The afternoon sessions of the Ligonier Academy Winter Conference began with Dr. Derek Thomas' lecture entitled “Take Up Your Cross.” Dr. Thomas reflected on Matthew 16:13ff., showing how cross-bearing and self-denial is the biblical pathway for Christians to follow.
Dr. Thomas explained that chapter 16 is a turning point in Matthew’s gospel. Up to that point, Jesus had been speaking and preaching about the kingdom. In Matthew 16, Jesus, for the first time, begins to speak of building the church. Focusing on Jesus’ reply to Peter, Dr. Thomas explained that there are four things our sovereign Lord does.
1. He purchases the church at the cost of His death. Jesus came to suffer and die. Dr. Thomas read Aaron’s blessing and asked, “Do you know what it cost for you to hear the Aaronic blessing?” It cost Christ the torments of hell.
2. He expands it through the proclamation of the gospel. Jesus tells Peter, “I’m going to give you a key that will lock and unlock.” The key is the gospel. Preaching the gospel sets free, or it binds.
3. He calls us to a life of cross-bearing and self-denial. Some are told that when they become a Christian, all of their troubles will disappear, but when a person becomes a Christian he discovers troubles he never had before. Jesus suffered, and His people suffer. Bonhoeffer rightly said: “Jesus bids us come to him and die.” And the puritan Thomas Goodwin is said to have asked a prospective student, “Are you ready to die?" Christians are to die daily to self and to sin.
4. He will defeat every hostile force. Christ builds His church right up against the gates of hell, but the gates of hell will not prevail.
Dr. Thomas ended with a quotation from Thomas a’ Kempis who said: “If you bear the cross, it will bear you.” The Christian life is a call to suffering, but the suffering is worth it.
Dr. Thomas’ lecture was followed by a question and answer time. After a series of lectures on how suffering sanctifies us, one attendee asked whether Christians should actively pursue suffering seeing that it can help us so much. Dr. Sproul pointed out that this has been a perennial question in the history of the church and cited monasticism and practices such as self-flagellation. Dr. Sproul concluded that there is enough suffering in the world without us seeking it. Dr. Thomas observed that if you follow Jesus, suffering will come to you. The question we should ask ourselves is: How closely do we want to identify with a Christ-like life.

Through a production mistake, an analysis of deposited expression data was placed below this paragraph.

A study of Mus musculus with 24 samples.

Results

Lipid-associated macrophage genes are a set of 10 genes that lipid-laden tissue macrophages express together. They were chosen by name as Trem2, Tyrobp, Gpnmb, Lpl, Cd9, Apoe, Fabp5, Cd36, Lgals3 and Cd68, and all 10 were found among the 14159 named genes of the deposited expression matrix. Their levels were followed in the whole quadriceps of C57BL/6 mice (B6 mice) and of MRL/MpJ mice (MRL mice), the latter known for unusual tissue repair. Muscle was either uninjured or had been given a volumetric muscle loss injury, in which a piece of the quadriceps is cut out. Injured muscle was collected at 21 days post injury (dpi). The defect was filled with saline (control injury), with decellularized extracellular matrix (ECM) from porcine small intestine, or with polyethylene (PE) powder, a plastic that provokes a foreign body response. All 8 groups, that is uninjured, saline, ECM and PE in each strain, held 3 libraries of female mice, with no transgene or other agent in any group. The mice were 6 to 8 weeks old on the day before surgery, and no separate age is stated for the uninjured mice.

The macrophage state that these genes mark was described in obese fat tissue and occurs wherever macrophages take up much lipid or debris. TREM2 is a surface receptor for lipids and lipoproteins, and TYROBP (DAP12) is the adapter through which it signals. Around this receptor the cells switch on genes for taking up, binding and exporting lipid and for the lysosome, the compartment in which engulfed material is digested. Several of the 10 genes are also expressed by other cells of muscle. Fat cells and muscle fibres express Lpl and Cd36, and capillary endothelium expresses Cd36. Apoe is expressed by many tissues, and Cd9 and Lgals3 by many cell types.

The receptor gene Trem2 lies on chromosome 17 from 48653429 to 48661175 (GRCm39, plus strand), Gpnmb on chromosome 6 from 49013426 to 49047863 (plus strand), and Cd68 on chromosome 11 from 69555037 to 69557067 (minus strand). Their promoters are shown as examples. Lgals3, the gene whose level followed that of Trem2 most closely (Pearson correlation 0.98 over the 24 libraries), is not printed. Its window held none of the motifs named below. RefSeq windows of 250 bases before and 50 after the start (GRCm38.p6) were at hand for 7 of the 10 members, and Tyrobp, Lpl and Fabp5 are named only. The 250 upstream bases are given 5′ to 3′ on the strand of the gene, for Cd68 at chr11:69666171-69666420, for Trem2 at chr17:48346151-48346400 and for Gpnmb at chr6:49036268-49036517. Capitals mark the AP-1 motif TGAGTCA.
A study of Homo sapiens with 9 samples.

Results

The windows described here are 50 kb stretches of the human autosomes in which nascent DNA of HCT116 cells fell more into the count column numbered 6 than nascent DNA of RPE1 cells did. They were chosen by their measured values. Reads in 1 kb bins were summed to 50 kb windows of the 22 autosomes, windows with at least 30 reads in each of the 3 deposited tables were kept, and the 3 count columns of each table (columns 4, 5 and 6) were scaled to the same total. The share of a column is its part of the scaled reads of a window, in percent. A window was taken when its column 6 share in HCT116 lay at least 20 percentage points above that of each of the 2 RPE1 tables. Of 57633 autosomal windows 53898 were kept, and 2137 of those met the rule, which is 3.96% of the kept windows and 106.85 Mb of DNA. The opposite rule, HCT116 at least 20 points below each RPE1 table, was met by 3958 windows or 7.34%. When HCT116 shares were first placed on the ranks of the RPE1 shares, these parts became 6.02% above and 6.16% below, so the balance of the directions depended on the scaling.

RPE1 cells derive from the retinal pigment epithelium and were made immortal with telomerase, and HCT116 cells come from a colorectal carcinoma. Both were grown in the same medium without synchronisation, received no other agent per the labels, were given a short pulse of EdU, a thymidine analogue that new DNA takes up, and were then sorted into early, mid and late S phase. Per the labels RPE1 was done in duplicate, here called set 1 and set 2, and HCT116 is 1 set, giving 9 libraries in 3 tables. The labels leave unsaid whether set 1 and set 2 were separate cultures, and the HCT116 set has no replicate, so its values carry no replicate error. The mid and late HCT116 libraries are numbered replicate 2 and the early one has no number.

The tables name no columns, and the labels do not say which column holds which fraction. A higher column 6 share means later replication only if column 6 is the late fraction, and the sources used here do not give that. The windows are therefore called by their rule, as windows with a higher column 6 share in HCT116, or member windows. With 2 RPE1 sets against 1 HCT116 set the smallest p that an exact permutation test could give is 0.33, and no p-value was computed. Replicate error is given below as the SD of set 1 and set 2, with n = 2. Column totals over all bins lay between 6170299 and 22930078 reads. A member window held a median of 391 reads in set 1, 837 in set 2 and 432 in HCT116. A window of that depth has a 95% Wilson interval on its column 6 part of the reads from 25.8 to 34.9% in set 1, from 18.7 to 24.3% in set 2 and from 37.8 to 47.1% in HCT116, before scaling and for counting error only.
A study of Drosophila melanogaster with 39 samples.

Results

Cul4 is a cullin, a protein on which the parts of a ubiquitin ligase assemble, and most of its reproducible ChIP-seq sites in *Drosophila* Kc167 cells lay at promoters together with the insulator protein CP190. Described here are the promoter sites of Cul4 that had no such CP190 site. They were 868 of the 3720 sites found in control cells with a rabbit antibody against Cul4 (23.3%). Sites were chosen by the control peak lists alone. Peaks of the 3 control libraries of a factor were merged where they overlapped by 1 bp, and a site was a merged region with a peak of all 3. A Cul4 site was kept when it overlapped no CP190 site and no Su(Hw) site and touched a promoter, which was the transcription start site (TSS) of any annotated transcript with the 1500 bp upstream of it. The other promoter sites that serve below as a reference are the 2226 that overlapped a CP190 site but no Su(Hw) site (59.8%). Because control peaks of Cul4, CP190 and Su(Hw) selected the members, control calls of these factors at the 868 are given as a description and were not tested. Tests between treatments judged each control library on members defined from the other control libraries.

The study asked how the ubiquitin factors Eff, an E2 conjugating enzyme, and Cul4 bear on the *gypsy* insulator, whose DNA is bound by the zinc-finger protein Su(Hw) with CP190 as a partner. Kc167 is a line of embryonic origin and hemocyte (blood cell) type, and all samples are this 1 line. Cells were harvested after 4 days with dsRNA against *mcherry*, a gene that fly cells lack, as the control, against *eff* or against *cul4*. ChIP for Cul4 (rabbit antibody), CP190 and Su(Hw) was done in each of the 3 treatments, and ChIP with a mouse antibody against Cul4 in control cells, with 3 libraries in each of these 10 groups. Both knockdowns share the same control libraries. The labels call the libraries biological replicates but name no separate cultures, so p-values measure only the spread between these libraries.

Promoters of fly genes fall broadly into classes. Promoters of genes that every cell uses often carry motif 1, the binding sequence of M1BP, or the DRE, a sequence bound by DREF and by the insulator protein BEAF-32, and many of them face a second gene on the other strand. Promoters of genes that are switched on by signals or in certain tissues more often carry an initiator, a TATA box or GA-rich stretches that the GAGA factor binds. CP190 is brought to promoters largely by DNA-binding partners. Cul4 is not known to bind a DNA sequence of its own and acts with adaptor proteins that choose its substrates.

The conference closed with Dr. Sproul’s message “The Former Things Have Passed Away.” Dr. Sproul explained that we tend to lock our gaze on the present. We are “secular” in the sense that we focus exclusively on the here and now. Christians, however, are called to consider the present in light of the eternal. As Jesus taught us: What does it profit a man if he gains the whole world and loses his soul?
If we focus on the end instead of the here and now, our present suffering will pale in significance. Revelation 21 and 22 describes the things to come, and when John describes what he saw he tells us that there will be no more death, no more sorrow, no more crying, and no more pain. All of these are former things that will have passed away. Better yet, we will be in the presence of our Lord forever.
When we look at our present suffering, we need to look at it with the proper perspective — the perspective of eternity.